In honor of the start of Passover, I thought I'd share my own experience of my first Seder dinner with my family. For those of you who don't know, Seder dinner happens on the first two nights of Passover, which lasts for eight days. Everyone at the table reads from a book called a haggadah, which tells the story of when the Israelites were enslaved by the Egyptians under the rule of the Pharaoh Ramses II.
During the Seder, four glasses of wine are served (grape juice for the kids--unless they're the sneaky type) to represent the four stages of the flight from Egypt. Now, in most Jewish households, the four glasses are reduced to four sips, because it's only symbolic anyway and well, four glasses is a hell of a lot of alcohol--even for religious purposes.
My mother has always been somewhat of a teetotaler, has always been greatly affected by liquor, even in small amounts, so it was with great surprise when, after taking the obligatory sip of wine, a familiar motherly voice shouted, "Damn it, if we're going to do this thing, we're going to do it right! Now everyone start chugging!"
Passover just got a lot more interesting.
A fifth glass of wine is poured for the prophet Elijah, in anticipation of his return, upon which the Messianic age will begin. The Messianic age is the time when the messiah returns to earth and restores peace and prosperity to earth. This sounds great in theory, but for those who aren't pure Jewish (such as myself), the whole peace and prosperity to the earth thing gets a bit overshadowed by the fact that we won't be here to enjoy it. Bummer.
Near the end of Seder dinner, the head of the household ceremoniously opens the front door to invite Elijah in so he can enjoy that glass of wine set out for him on the table. As tradition dictated, my father got up from the table and opened the front door, just out of eyesight from the dinner table. No sooner did he crack open the door, when we heard a loud "Whoosh!" blow past and hurried steps racing through the door.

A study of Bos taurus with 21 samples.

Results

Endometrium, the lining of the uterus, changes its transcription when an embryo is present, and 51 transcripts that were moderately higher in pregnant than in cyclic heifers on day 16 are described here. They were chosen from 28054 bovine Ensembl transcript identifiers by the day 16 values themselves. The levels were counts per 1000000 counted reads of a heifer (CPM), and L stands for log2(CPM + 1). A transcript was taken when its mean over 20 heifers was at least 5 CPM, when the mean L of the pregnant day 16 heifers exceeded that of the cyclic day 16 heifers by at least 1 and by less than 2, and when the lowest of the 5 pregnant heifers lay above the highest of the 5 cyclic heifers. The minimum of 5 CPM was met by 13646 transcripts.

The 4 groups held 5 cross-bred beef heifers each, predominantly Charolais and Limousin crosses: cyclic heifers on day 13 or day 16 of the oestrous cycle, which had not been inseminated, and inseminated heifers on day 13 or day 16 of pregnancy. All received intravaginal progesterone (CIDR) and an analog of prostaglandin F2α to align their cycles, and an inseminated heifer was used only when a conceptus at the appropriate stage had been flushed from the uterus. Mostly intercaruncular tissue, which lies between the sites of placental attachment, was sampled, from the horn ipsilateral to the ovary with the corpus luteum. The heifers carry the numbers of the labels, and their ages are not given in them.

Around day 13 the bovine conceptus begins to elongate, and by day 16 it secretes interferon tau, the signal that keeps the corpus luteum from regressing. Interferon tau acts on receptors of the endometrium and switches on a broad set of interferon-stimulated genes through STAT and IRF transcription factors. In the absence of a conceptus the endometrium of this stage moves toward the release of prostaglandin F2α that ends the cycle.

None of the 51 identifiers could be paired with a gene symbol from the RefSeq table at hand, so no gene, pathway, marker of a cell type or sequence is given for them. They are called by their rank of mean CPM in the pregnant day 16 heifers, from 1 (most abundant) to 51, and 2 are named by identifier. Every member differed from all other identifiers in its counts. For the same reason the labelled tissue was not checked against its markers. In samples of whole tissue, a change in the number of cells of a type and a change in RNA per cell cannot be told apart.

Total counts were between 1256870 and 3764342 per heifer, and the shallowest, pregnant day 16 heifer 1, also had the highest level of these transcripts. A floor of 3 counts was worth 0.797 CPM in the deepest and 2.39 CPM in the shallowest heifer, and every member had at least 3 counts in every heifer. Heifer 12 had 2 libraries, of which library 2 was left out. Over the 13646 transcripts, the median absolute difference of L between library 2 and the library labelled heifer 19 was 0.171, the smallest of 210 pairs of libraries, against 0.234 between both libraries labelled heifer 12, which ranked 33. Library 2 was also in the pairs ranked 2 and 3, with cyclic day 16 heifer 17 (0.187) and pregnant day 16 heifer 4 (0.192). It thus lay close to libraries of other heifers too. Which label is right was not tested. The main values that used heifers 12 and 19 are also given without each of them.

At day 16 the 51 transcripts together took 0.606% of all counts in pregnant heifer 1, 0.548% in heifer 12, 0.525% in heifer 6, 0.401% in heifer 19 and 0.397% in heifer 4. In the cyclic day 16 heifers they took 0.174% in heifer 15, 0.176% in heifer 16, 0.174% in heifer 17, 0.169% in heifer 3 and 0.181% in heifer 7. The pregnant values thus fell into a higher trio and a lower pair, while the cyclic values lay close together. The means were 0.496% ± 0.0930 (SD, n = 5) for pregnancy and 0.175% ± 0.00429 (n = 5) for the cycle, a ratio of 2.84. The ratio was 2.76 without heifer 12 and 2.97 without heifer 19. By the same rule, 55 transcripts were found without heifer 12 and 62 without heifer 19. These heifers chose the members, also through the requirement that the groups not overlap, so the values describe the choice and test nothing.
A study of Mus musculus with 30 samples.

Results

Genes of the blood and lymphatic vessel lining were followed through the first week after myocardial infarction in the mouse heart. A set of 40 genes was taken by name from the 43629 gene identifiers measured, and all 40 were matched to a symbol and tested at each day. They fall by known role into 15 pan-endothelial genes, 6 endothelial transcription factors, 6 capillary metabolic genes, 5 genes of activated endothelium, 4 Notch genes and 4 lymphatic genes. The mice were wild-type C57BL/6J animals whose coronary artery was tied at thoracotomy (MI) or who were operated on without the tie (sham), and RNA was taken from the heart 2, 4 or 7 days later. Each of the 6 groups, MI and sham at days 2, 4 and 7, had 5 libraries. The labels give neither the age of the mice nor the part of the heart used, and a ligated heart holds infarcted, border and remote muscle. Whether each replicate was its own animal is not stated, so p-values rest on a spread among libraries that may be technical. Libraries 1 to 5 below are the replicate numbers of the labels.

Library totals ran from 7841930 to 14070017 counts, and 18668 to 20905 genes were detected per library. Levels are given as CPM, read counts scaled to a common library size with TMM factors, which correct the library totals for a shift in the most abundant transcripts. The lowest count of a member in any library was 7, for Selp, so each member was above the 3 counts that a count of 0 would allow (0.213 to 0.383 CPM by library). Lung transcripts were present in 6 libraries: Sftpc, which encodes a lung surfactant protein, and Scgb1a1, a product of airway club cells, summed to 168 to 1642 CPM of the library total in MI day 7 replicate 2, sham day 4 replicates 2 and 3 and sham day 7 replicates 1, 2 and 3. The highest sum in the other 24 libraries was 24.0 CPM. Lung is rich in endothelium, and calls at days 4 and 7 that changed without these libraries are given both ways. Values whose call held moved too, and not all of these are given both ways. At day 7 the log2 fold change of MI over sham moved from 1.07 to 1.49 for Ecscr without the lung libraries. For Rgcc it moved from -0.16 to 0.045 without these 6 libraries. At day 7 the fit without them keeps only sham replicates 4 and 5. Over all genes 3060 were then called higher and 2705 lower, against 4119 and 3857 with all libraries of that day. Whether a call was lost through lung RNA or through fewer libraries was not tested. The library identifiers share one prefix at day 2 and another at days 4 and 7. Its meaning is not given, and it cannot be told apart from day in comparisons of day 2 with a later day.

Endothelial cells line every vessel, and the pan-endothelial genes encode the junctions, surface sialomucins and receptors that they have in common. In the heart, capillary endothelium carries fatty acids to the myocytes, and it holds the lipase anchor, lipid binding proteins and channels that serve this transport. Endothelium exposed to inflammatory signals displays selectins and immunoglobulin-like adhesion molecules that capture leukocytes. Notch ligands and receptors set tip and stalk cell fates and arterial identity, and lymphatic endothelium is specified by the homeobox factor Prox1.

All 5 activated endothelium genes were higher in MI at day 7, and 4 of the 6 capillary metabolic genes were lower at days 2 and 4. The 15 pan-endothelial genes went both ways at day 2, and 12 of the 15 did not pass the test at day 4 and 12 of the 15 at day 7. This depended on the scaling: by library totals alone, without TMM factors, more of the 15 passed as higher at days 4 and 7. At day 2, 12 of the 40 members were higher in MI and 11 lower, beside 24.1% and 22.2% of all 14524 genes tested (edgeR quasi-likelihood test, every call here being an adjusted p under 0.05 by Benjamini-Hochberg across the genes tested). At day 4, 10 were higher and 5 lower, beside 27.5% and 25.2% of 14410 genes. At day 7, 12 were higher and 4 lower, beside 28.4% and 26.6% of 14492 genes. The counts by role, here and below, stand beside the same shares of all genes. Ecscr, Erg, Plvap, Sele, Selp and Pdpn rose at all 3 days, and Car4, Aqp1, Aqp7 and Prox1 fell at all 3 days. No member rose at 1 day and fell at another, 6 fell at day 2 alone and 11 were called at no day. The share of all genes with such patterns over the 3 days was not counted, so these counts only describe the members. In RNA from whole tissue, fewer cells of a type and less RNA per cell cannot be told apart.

"It's Elijah! It's Elijah! Oh man, why did he choose us? Only one of us is even Jewish!" my mom screamed. My six-year-old nephew dived for cover under the table and cried.
"Everyone settle down!" my dad bellowed, "It was the cat. I can't believe we left her outside this entire time. She's a wreck!"
Upon hearing the happy news, my mom said, "Well then, I guess Elijah won't be needing this!" and downed the fifth glass of wine.
After peace had been restored and more glasses of wine poured, my nephew set out in search of the afikomen--a piece of matzoh that is hidden at the start of the meal. When the afikomen is found, the "finder" (usually a kid) receives money from whoever at the table has a ten.
Of course, the adults at the table use afikomen time to kick back and relax--usually not with Elijah's cup of wine, but we were new to the whole Seder scene. After an hour had gone by, however, we began to get a little worried. "Hon, where the heck is the matzoh?" my mom asked my dad.
"I wish I could remember."
"Oh, you're useless!"
"Well, I'm not the one who insisted on drinking a bottle of wine! Excuse me if my afikomen-remembering-skills are down."
"Would someone please go help the poor boy," my mom sighed.
The hunt was on as me and my semi-drunk sisters searched every nook and cranny of my parent's mammoth 21 acre spread. Two hours and a hangover later, we still hadn't found the afikomen. We slowly, painfully, walked back to the table in defeat.
My sister slumped down in her chair. "Man we are so bad at Seder."
The cat jumped in her lap. "How's it goin', Elijah?" she joked. "Hey... what have you got in your mouth, cat?"
Seeing as she had found the elusive matzoh, my dad had no choice but to award the cat the prize money. She gladly accepted in catnip.